SUV Rollovers

With the increased number of Sport Utility Vehicles (SUVs) on the road, Georgia has seen a steady increase in the number of “rollover” accidents.  While rollovers are still relatively rare, they are much more likely to cause serious injury or death when they do occur.  Rollovers currently account for about one of every forty reported crashes, but they account for one of every three fatalities on the road.

According to the National Highway Transportation Safety Administration (NHTSA), the vast majority of rollovers actually occur under ordinary driving conditions.  Wind, rain, and snow do not necessarily make rollovers more likely.  Instead, rollovers occur when drivers suddenly swerve to avoid obstacles in the road or when drivers accidentally veer off the road.  When this occurs, the off-balance vehicle and the high center of gravity combine to flip the car over.

Since 2004, the NHTSA has given all vehicles a “rollover rating” based on the vehicle’s Static Stability Factor.  The Static Stability Factor is a geometric calculation that divides the track width (distance between the right and left tires) by the center of gravity.  Rollover and crash test ratings can be found here.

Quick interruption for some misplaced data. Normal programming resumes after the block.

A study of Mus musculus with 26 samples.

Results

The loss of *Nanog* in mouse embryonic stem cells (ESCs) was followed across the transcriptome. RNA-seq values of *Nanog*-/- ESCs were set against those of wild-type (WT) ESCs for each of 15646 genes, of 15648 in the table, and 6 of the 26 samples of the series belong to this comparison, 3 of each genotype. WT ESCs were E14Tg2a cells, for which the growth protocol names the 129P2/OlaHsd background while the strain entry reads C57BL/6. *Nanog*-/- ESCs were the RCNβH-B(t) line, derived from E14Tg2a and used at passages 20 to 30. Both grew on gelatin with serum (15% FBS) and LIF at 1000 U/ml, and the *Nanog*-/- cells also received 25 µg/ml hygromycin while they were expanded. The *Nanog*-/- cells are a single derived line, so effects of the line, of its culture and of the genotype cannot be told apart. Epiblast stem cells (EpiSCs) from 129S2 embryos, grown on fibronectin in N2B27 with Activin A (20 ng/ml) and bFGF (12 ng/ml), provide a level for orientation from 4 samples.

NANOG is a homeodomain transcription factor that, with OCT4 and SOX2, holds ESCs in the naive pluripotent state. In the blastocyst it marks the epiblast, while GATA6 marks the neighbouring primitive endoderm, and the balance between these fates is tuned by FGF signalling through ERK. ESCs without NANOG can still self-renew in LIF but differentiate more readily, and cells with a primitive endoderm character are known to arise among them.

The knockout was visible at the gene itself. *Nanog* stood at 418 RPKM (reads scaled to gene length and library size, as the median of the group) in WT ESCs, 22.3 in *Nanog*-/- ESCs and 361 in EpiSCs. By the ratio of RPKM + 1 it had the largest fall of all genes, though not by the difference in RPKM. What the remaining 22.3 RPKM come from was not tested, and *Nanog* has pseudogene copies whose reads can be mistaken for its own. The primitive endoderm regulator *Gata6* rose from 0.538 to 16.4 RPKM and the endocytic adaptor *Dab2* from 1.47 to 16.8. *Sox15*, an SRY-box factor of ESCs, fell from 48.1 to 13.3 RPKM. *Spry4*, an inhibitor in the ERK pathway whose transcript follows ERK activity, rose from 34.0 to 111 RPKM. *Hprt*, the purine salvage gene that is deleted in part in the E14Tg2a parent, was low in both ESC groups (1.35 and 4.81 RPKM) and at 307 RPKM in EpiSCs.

Alcohol use and speed are also contributing factors to vehicle rollovers.

In order to reduce your risk for having a rollover, the AAA Foundation for Traffic Safety offers these tips:

Don’t Drive Too Fast.  By sticking to the posted speed limit you give yourself more time to react to any obstacles in the road.  Additionally, even if you are surprised by an emergency and have to swerve, the lower rate of speed will keep your vehicle on all four wheels.

Avoid Overcorrecting Your Steering.  Studies show that many rollovers occur when drivers have swerved and are overcorrecting their steering.

Practice Extra Care on Rural Roads.  Back roads, particularly those that are undivided or don’t have barriers pose an added risk when the vehicle leaves the pavement.  These roads are more likely to have a drop between the level of the pavement and the level of the grass or dirt on the side of the road.  This drop can present an added risk of rollover by shifting the car’s balance.

Properly Inflate Tires.  Improperly inflated and worn out tires can be especially dangerous because they affect your ability to control the vehicle.  Worn tires are also dangerous because of their propensity to let the vehicle slide on wet pavement.

Avoid Overloading the Vehicle.  To find out the maximum safe load for your vehicle, consult your owner’s manual.  Overloading the vehicle, especially with a roof rack, can have a substantial impact on the vehicle’s center of gravity.